Arts and Culture

Job, Shakespeare and Romero

10th in a series

The Human Poetry of Faith: A Spiritual GuideTHROUGHOUT HIS BOOK, “The Human Poetry of Faith: A Spiritual Guide to Life (New York: Paulist Press, 2001, pp. 142, $12.95) Father Michael Paul Gallagher, S.J., has placed marvelous quotations from well-known authors.

Re-reading Father Gallagher’s book, I find that almost all the quotations seem to have been written for me. Each speaks to me in a special way at this moment in my life. Each seems both insightful and provocative.

Two that I especially like are the following:

“Redemption is meaningless unless there is cause for it in the actual life we live, and for the last few centuries there has been operating in our culture the secular belief that there is no such cause” (Flannery O’Connor, p. 41).

“Human living as it is normally pursued is an escape from reality. The gospel message is a recall to reality, revealed as a mystery of forgiveness” (Sebastian Moore, from his book “God Is A New Language,” p. 41).

I love the idea that reality is ultimately a mystery of forgiveness. I imagine this is Pope Francis’ belief. This could be the reason that he has called for a Holy Year of Mercy. What a marvelous idea the Hoy Father has – a whole year devoted to experiencing, bestowing and celebrating mercy!

I have a friend who asks me what salvation means almost every time we meet. Somehow, I have to make salvation more real to him. I think Father Gallagher’s book is going to help me. It has helped me to see how wounded we are and how much we need the saving presence of Christ.

If we are not aware that there is something wrong with us, that we are far from perfect, that we are radically needy, or to put it simply, that we are sinners, then salvation may mean nothing to us. Unless we have some sense that we need to be saved, then what Christ has done for us may have little meaning for us.

The aforementioned quotations from O’Connor and Moore should be relevant for us. In many ways in our culture we are told that whatever is wrong in our lives can be fixed by something, some being as finite as we are. The truth that an Infinite Love has saved us and redeemed us will encourage us, excite us and inspire us to the extent that we see how needy we are.

In presenting the mystery of human suffering, Father Gallagher notes that Job, a biblical figure often associated with the mystery of mystery, does not solve the mystery in the sense that he can explain it or explain it away. What happens to Job is that his belief in and sense of God’s presence enables him not to despair. Father Gallagher points out that unlike his friends who look for human answers to suffering, Job “realizes that a huge intimacy embraces his life.” (p. 55)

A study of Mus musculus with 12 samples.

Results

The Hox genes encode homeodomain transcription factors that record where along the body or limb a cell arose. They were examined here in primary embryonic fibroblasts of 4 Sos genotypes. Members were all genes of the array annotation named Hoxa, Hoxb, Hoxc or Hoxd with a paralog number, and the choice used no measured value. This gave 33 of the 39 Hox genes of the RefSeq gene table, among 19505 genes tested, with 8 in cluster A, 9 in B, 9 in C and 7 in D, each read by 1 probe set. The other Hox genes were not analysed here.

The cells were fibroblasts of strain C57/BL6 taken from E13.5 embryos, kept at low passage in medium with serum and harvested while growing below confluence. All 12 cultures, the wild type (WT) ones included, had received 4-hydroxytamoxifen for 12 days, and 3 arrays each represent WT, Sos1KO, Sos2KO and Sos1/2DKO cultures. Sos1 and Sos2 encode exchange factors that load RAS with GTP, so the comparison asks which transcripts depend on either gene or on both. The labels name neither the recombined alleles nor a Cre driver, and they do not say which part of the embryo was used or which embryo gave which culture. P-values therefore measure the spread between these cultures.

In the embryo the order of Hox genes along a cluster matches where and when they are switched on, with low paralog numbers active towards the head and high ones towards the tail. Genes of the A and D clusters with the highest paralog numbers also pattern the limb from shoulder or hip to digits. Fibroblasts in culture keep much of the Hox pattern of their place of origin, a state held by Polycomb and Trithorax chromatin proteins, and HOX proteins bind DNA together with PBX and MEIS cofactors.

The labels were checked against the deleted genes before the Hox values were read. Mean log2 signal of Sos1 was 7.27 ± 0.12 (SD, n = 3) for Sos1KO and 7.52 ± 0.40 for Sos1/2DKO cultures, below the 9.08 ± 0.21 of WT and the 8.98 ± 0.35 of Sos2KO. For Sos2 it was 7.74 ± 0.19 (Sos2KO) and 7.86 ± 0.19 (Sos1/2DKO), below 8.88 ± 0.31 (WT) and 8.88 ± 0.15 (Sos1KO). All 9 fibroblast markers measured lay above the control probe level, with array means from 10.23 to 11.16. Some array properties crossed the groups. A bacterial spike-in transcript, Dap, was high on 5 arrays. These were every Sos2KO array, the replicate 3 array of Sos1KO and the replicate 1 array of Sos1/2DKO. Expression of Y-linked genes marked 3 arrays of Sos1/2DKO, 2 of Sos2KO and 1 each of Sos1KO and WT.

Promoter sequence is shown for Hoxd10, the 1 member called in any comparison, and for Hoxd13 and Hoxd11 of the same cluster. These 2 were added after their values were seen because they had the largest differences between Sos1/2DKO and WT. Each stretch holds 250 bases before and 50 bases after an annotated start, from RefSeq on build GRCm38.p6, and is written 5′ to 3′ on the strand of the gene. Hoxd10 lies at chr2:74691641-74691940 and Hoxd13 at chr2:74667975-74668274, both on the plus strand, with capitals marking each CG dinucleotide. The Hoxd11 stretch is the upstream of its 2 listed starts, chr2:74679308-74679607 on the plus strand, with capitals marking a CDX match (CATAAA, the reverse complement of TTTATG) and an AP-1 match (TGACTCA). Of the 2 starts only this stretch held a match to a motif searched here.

In the same chapter that deals with tragedy, Father Gallagher imagines a dialogue between William Shakespeare and Archbishop Oscar Romero, the martyred archbishop of El Salvador. (Just recently it was announced that Archbishop Romero would be beatified by the Church.)

Shakespeare says to the archbishop that they both wanted to make the cost of the human journey more real to people, and that through the brokenness of others, our own vulnerability can become real to us. That insight struck me recently while I visited a person in hospice very near death. Through that person’s suffering, I became more aware of my own finitude and fragility.

The archbishop says to the great playwright the following:

“Christ’s journey is still an experience and a drama – made real in the pain of ordinary people and in the slow erosion of our egoism. History is not the neutral place I thought it to be: it is a battleground between love and hate. Taking sides in this struggle brought me into more joy and more agony than I had ever imagined. I came alive as never before, and eventually it cost me my life.’ (p. 63)

Through the imaginary dialogue between Shakespeare and the archbishop I saw more clearly what Father Gallagher is trying to accomplish in his book. By referring literary giants and others whose lives have had a profound impact on history, this Jesuit priest is trying to broaden our perspective and deepen our thinking about what it means to be human and what it means to be Christian.

Re-reading his book has helped me to see authors and heroes in a new way. With Father Gallagher’s guidance I think have begun to see the human poetry of faith in a new way.

Father Robert Lauder, philosophy professor at St. John’s University, Jamaica, is the author of the recently published “Pope Francis’ Spirituality and Our Story” (Resurrection Press).